This week we have asked one of Sydney's leading nutritionists, Kathryn Hawkins, to give us tips on how to encourage healthy eating with your tween. Kathryn is an Accredited Practising Dietitian (APD), Accredited Nutritionist (AN), Presenter and busy Mum. She is recognised as a nutrition expert in the areas of women's health & wellness; treating and preventing eating disorders; non-dieting approach to weight loss; body image; paediatric nutrition. She is also the co-founder of the popular BodyLove eCourse. You can follow Kathryn on Facebook or Instagram or visit her site here.
During the tween years there are some positive steps you can take to try and nurture them through and promote good eating habits along the way. There are also two key nutrients that parents need to be aware of, as they can easily be overlooked and, in some cases, have long-term effects on their health.
Puberty is a very important time for bone growth and development because it’s when most of our bone mass is formed. From about the age of 10 and all through the teenage years there is a dramatic increase in bone growth and bone density in both boys and girls.
The Australian Guide to Healthy Eating (AGTHE) suggests children and teens between the ages of 9-18 need three to four servings of dairy each day.
Unfortunately, this vital need for calcium seems to coincide with teenagers, particularly girls, being fussy with food and often being influenced by their peers. This can mean that cutting out food groups becomes trendy and, often, dairy is one of the first to go, along with meat!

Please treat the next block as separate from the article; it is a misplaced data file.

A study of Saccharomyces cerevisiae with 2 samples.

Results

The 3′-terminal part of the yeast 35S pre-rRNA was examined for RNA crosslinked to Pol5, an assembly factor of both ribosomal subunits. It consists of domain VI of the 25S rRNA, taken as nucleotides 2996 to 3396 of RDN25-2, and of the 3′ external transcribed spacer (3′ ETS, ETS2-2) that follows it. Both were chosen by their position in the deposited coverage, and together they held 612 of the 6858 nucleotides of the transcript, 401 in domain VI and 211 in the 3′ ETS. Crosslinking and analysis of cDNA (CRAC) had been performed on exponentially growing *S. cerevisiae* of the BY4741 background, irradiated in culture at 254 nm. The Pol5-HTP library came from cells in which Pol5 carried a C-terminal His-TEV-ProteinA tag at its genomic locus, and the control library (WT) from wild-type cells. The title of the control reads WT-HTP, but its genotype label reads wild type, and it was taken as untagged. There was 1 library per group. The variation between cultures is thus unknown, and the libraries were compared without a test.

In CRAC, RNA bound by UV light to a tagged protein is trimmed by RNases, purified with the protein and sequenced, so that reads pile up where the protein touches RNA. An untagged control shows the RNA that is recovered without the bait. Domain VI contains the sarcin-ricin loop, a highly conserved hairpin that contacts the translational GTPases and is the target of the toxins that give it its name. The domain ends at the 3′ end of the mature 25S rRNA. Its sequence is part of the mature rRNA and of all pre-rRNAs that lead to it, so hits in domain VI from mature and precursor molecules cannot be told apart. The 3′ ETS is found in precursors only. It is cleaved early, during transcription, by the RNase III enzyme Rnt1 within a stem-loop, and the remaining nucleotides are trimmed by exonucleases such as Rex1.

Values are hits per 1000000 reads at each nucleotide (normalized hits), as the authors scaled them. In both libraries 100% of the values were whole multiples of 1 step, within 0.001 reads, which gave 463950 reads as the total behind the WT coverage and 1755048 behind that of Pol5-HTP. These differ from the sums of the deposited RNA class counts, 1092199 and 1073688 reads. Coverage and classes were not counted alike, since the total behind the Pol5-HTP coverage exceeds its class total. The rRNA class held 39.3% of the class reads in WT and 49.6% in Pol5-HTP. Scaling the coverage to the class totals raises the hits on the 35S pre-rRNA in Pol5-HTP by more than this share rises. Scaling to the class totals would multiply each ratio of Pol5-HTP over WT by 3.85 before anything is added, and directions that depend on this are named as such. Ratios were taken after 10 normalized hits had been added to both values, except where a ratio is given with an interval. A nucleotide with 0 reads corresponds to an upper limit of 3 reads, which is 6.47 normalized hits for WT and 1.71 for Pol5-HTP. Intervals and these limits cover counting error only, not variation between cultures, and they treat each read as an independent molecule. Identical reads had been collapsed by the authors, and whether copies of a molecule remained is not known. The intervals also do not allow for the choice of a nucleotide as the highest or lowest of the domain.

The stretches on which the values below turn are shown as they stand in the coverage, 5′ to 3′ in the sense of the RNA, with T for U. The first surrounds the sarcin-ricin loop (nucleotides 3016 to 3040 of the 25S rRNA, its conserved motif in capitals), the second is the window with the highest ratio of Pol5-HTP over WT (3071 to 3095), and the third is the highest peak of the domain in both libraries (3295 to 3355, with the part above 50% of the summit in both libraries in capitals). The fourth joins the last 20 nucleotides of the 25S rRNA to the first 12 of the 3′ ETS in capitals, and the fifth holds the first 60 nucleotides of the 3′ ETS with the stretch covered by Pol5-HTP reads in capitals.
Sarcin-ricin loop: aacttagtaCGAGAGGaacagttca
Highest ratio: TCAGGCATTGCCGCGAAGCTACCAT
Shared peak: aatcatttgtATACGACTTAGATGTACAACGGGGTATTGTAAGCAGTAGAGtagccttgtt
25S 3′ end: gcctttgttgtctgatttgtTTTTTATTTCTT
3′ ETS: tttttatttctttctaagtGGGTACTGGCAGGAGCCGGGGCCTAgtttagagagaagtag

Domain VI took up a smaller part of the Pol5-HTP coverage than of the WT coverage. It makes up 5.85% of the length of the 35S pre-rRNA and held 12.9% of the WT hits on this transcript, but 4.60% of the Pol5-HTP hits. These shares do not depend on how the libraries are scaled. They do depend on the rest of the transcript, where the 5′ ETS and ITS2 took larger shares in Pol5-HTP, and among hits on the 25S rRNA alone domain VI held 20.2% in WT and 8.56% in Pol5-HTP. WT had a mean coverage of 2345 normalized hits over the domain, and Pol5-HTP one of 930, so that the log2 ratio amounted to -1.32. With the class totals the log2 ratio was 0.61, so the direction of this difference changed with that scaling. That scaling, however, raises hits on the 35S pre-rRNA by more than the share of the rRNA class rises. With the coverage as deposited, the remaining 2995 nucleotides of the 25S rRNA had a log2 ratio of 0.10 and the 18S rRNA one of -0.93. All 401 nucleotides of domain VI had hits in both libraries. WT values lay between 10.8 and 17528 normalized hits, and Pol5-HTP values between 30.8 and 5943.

Tweens need more iron because of their expanding blood volumes and growing muscle mass. Girls also have extra iron needs once their periods start. Red meat is one of the richest sources of iron, with poultry, fish and seafood are also excellent sources.
A vegetarian diet can provide enough iron too, but vegetarians usually need to be more aware of the foods they are eating to get enough. A vegetarian diet is not simply ‘cutting out the meat’, and it is a responsibility that a tween needs to be aware of. Vegetarian sources of iron include green leafy vegetables, legumes, whole grains and fortified cereals, and it would be wise to see a dietitian if your tween has decided to become a vegetarian, to make sure they have a full understanding of the way they need to eat.
My 8 tips for helping tweens improve their nutrition:
- Being a positive role model is one of the best ways to help your tween make healthy food choices. Taking a balanced approach to food is helpful. All foods, in moderation, can fit into a healthy eating plan. This might mean having a food that you enjoy that is high in sugar and fat every now and then, but not all the time.
- The words you use to describe food send messages too - avoid describing food as ‘good’ or ‘bad’. Try talking about some foods as being more nourishing, or some foods being ‘everyday’ foods. Try to keep the language around food positive!
- Encourage your tween to pay attention to her body’s hunger cues. Tweens and teens tend to eat out of boredom at times, and at times they ‘forget to eat’. Try and encourage a regular pattern of eating rather than just when they remember or feel like it!
- Make time to sit and enjoy healthy meals as a family. This encourages your tween to eat well and helps to keep you connected. Employ some rules at meal times such as staying at the table until everyone has finished.
- Give your tween a say in healthy family eating by involving him in grocery shopping and planning and preparing meals. You could even get your tween browsing recipe books and websites for you.
- Young people tend to be motivated by the ‘here and now’ rather than long-term consequences. Encourage your tween to make healthy choices by talking about how food can help with concentration, performance and feeling good. This is likely to be more meaningful to your tween than information about longer-term health risks.
- Fill your cupboard and fridge with nutritious snacks and meals. Your tween can take these from home when going out so that they don’t need to buy food. Purchased food is often less healthy than what we can bring from home. Some ideas are vegetable sticks with dip, fresh or dried fruit, nuts, wholegrain crackers, cheese or yogurt.
- Don’t have sugary drinks available in the house and encourage your tween to drink water instead! Buy a water bottle and encourage them to fill it 3 times in the day.